During an application development cycle, we almost always begin by testing locally. Several times, it works locally but not after deployment. But we also do not like deploying directly to the production environment. To solve this, it is common practice to have a Staging environment that works in between.
In Microsoft’s Azure App Service, an App can have several slots from the Standard ties and above (as at the time of writing). I commonly use this feature to implement a Staging slot.
The essence of the Staging slot is to check if everything is okay before making the app version currently running in the staging slot visible in production. Due to this requirement, it is sometimes necessary to have two different sets of resources associated with the app.
For example, if your app uses a Storage Account, an SQL database or another resource that may change with the functionality of the application, you’d want to have two for each. One for the production environment and the other for staging.
Accessing resources such as a storage account or an SQL database requires keys or passwords commonly referred to as application secrets. It is never good to commit such in the source code. Using environment variables is a good option. See this article by Scott Hanselman.
In my obsession with automation, I wrote a small script that would set these variables depending on the environment when deploying the application. The script is below.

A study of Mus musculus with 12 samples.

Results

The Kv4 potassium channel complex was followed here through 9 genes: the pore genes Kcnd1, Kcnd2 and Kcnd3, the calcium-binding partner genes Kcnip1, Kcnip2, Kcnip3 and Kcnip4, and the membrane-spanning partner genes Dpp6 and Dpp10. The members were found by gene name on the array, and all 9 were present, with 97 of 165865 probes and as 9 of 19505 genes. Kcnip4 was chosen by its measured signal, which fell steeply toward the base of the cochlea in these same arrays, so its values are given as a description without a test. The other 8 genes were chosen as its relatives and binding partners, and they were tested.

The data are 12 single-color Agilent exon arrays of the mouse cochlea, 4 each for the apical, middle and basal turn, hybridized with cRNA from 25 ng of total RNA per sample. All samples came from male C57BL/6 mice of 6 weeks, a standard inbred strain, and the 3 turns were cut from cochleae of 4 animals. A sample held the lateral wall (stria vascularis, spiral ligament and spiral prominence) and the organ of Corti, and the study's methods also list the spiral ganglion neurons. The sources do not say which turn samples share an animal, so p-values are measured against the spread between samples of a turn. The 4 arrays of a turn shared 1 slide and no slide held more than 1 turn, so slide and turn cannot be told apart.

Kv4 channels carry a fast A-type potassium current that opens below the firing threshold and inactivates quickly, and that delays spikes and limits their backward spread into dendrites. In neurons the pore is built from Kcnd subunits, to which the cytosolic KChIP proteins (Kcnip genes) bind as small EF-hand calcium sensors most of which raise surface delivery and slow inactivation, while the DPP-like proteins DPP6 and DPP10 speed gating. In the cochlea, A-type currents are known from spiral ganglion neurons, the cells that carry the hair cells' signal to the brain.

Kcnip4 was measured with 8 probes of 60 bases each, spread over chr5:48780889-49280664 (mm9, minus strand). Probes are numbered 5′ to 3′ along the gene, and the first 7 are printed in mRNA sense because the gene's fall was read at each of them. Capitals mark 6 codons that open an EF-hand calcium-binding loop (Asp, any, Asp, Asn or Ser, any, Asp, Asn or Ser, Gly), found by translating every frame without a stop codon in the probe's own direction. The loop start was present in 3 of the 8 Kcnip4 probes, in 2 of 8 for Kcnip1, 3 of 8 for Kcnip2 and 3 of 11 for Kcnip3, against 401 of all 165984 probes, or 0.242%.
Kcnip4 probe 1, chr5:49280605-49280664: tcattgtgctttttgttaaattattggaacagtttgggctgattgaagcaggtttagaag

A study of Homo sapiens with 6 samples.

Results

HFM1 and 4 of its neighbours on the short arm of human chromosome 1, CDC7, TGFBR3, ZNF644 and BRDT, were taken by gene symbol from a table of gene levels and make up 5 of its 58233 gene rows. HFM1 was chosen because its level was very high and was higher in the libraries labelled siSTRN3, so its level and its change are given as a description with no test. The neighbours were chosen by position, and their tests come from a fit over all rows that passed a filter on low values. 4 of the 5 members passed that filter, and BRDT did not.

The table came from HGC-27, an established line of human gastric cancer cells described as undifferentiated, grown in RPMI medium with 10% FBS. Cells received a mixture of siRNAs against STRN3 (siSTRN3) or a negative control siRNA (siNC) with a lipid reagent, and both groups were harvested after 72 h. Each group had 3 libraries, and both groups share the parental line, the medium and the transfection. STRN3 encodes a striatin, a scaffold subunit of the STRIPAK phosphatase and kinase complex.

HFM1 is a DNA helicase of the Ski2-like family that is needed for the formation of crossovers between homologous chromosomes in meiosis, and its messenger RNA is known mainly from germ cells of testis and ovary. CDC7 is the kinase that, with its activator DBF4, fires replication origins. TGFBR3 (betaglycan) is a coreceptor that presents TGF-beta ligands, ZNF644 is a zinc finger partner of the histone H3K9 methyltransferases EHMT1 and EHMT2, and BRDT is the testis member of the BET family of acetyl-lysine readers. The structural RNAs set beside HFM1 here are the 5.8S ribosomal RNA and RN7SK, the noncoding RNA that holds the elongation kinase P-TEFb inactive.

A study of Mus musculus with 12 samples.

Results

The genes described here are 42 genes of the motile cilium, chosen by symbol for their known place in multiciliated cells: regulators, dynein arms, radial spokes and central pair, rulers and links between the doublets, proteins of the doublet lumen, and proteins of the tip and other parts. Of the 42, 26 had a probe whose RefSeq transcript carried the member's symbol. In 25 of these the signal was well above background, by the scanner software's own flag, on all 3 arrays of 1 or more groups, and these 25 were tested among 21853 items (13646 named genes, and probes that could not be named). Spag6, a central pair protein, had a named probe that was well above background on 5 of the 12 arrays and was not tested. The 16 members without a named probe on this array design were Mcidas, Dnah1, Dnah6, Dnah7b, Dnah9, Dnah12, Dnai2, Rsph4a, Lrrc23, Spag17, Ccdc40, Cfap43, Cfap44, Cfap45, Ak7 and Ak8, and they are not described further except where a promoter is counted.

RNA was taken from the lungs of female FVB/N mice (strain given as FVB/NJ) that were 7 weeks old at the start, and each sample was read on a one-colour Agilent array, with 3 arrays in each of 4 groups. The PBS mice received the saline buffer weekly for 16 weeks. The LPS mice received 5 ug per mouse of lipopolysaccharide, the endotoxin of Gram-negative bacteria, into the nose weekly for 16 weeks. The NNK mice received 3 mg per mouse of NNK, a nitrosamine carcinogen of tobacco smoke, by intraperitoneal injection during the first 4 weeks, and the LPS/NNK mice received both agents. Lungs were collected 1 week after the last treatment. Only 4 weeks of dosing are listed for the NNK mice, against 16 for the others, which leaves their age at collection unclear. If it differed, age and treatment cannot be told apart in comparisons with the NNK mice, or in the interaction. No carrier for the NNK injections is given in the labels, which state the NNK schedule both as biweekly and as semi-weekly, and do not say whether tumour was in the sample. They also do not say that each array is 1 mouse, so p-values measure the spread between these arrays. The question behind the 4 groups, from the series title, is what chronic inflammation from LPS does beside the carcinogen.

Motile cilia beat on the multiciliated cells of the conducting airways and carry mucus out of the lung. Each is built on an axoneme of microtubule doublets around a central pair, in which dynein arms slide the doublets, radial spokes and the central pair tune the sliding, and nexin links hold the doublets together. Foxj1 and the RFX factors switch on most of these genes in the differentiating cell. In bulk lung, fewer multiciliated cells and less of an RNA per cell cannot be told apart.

param($websiteName, $slot, $key, $newValue)$appSettings = (Get-AzureWebsite -Name $websiteName -Slot $slot).AppSettings;
$appSettings[$key] = $newValue
Set-AzureWebsite -AppSettings $appSettings -Name $websiteName -Slot $slot
An example invocation of this command:
-websiteName "<targetWebApp>" -slot "<targetSlot>" -key "<configurationKey>" -newValue "<newConfigurationValue>"
Assume a WebApp with an automated build configured to build and produce outputs every time code is committed to a repository.
A release agent would be configured to begin the application deployment process for every successful build output.
In the release definition, there’d be 2 environments (Staging and Production) as shown in the image below.
As shown, deployment to the Staging environment is automatic and immediate but the production environment requires approval from a specific individual.
In this scenario, the scripts for staging set the connection strings for the staging then start the slot.